Rafa Benitez is casting glances west of Naples. Well west, in fact. The Spanish tactician has been living in hotel rooms throughout his stay in Campania’s capital, refusing to lay down roots. His stand-offish approach may have at first been convenient for him, but it now seems to be bleeding into his team’s performances. Napoli haven’t won a domestic football match since February as rumour begets rumour regarding the impending conclusion of Benitez’s contract and what that might bring; for club and coach.
He has been relatively non-committal thus far, but a return to England looks likely, where there will be no shortage of potential employers with Manchester City, Newcastle United and West Ham United all on the lookout. Ideally he sees himself riding majestically into Liverpool on a wave of nostalgia, but Brendan Rodgers is unlikely to be budged aside to make room for him.
Regardless of Benitez’s next move, he has important business to take care of before then, starting with a home game against fellow European football-chasers Fiorentina tomorrow afternoon (15:00 GMT).
Both teams exited the Coppa Italia in their respective semi-final second legs during the week, in spite of holding advantageous positions going in. Vincenzo Montella’s Fiorentina worked hard and played well to win 2-1 away at Juventus but blew a gasket on Tuesday night as they were overthrown by three goals to nil at the Artemio Franchi. Napoli took an away goal into their home leg against Lazio, but lost 0-1 (1-2 on aggregate), to depart the competition they won last season.
Given their mutual cup disappointments in midweek, as well as the fact that just two points separate Fiorentina in fourth from Napoli in sixth in Serie A, both teams enter their weekend meeting in similar circumstances; broken-hearted but with much still to play for.
Montella’s system switching appears to have sent his players haywire within the last month. His 3-5-2 hybrid didn’t work against Juventus, and as such he will probably revert once again to a 4-3-3 setup. This will be important, particularly against a Napoli team that, if reports are correct, will be a playing a very attacking form of their usual 4-2-3-1, with Manolo Gabbiadini in the hole behind Gonzalo Higuain.
Where Montella changes his formation depending on various factors; the opposition, the situation, the weather; Benitez is far more consistent. He has stuck by his 4-2-3-1 like an old teddy bear from childhood, comforting him in the challenging tactical environs of Italian football.
Benitez is also slightly more conformist in his approach. While Montella has used Josip Ilicic as a false nine, Mohamed Salah as an inverted winger and Joaquin as pretty much everything while rotating systems, Benitez likes to keep every component part of his system the same. That is until now, for the introduction of Gabbiadini behind Higuain could present a slightly altered setup for Napoli.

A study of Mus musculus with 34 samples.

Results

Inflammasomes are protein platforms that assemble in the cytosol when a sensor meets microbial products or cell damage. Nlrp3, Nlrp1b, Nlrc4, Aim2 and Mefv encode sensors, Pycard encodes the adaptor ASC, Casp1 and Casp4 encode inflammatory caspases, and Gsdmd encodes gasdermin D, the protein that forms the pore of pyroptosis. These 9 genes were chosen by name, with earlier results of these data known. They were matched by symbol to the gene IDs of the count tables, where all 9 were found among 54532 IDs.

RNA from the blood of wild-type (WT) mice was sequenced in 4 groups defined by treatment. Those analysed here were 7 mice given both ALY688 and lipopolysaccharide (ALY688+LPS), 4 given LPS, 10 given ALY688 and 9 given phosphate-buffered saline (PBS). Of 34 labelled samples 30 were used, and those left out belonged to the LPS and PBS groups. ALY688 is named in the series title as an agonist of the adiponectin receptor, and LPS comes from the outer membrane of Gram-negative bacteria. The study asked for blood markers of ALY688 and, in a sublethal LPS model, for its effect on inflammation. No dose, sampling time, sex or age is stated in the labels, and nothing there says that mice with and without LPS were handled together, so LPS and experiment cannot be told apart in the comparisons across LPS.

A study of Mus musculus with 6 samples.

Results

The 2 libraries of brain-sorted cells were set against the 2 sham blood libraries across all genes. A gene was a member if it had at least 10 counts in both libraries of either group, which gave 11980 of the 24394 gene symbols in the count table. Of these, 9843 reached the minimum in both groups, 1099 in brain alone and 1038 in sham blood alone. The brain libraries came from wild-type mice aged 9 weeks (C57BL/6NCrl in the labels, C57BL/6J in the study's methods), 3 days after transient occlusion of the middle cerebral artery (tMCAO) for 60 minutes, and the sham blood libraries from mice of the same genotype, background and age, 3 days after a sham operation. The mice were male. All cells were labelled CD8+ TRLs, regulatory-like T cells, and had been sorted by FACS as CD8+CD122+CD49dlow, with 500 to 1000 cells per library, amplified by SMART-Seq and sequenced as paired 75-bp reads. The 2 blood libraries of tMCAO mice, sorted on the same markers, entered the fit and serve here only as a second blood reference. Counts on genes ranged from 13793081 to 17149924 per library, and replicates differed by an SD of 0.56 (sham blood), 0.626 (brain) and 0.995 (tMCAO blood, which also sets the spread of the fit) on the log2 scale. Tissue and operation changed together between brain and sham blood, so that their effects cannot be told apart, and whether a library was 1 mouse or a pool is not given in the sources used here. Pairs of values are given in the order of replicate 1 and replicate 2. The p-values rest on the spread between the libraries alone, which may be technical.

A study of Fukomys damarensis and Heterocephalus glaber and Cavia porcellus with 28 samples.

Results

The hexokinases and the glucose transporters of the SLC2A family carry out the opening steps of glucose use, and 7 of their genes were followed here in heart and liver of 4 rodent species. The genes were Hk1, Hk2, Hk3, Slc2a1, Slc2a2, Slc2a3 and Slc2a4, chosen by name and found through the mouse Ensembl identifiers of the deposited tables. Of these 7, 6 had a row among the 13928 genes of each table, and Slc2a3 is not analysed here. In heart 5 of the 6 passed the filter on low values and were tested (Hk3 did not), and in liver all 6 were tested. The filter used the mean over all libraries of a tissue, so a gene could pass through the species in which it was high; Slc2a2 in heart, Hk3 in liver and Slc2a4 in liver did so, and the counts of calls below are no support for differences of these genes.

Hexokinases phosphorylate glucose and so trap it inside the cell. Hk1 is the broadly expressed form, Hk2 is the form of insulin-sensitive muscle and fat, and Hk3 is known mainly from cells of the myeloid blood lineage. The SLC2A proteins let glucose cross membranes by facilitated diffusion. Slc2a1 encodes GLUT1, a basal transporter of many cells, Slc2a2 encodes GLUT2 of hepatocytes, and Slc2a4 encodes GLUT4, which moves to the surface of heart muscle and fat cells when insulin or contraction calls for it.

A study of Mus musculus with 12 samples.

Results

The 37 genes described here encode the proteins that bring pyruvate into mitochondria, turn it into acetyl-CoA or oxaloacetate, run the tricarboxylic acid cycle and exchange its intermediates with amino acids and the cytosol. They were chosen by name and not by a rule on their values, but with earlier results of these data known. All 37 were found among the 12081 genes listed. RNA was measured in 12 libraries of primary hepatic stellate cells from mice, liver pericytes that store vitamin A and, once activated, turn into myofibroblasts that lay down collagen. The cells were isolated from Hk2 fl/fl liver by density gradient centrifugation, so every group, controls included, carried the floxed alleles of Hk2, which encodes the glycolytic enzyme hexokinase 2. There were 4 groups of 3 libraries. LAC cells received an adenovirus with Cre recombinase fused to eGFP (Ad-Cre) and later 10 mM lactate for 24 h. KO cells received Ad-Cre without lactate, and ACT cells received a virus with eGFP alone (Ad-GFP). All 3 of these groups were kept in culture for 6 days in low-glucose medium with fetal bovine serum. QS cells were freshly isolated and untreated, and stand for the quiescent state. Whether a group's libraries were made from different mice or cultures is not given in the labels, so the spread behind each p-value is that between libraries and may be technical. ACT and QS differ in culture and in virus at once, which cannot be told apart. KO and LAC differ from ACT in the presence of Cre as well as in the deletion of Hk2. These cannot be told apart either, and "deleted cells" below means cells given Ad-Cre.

As seen above, using Gabbiadini as a second striker behind Higuain would make Benitez’s 4-2-3-1 more of a 4-2-4. It’s extremely enterprising but would leave plenty of space for Fiorentina to counterattack.
The key for Napoli will be to win the battle for the ball. Each team generally dominates possession but something will have to give tomorrow. Perhaps Benitez is hoping that playing such an attacking system will allow his side to impose themselves upon their visitors; winning the ball and keeping the ball in Fiorentina territory, leading to more goalscoring chances. That, however, will require a high-tempo press, and it does not account for how open Napoli looked during midweek.
Indeed their clash with Lazio became exhilarating, end-to-end stuff as the match approached its climax. It was wonderful to watch from a neutral’s perspective but, in the end, Napoli paid the price for being unable to force a goal out of all their opportunities. They cannot afford to be so profligate against Fiorentina, especially with the lack of balance that comes with fielding such an offensive system.
When Napoli lose the ball a lot will be asked of their defensive midfield warrior, Gokhan Inler, to win it back. The plethora of attacking options may cause concern to Fiorentina’s backline but if Montella’s men retain their shape, mark zonally (something they didn’t do particularly well against Juventus) and get the ball forward quickly, Napoli will be in real danger. Gabbiadini, Lorenzo Insigne and Jose Callejon are not renowned for their tracking back and, consequently, Fiorentina’s full-backs should find room to push into in transitions to attack.
Furthermore, should Fiorentina line up as expected, their attacking midfield could cause chaos. Matias Fernandez will likely drop deep to help his side win the midfield battle but he will join in the attacking phase on counterattacks, or when his team have possession. On either side of him Alessandro Diamanti will intelligently scheme and Mohamed Salah will use his speed to get in behind his opposing full-back. Essentially Napoli’s aforementioned lack of balance may leave their backline exposed to the threats of Salah and Diamanti, making for a severely uncomfortable game for Raul Albiol and his fellow defenders.
Benitez will almost certainly leave Napoli come the end of this campaign. The only uncertainty lies in how he will leave, and tomorrow could have ramifications in that respect. Playing Gabbiadini behind Higuain may be his last daring throw of the dice; one last shot at rekindling his team’s form. If it works, Napoli could be back in business. But there is a high likelihood it won’t, and Benitez may be left to rue the length of time he; unlike Montella, eschewed tactical flexibility in favour of consistency.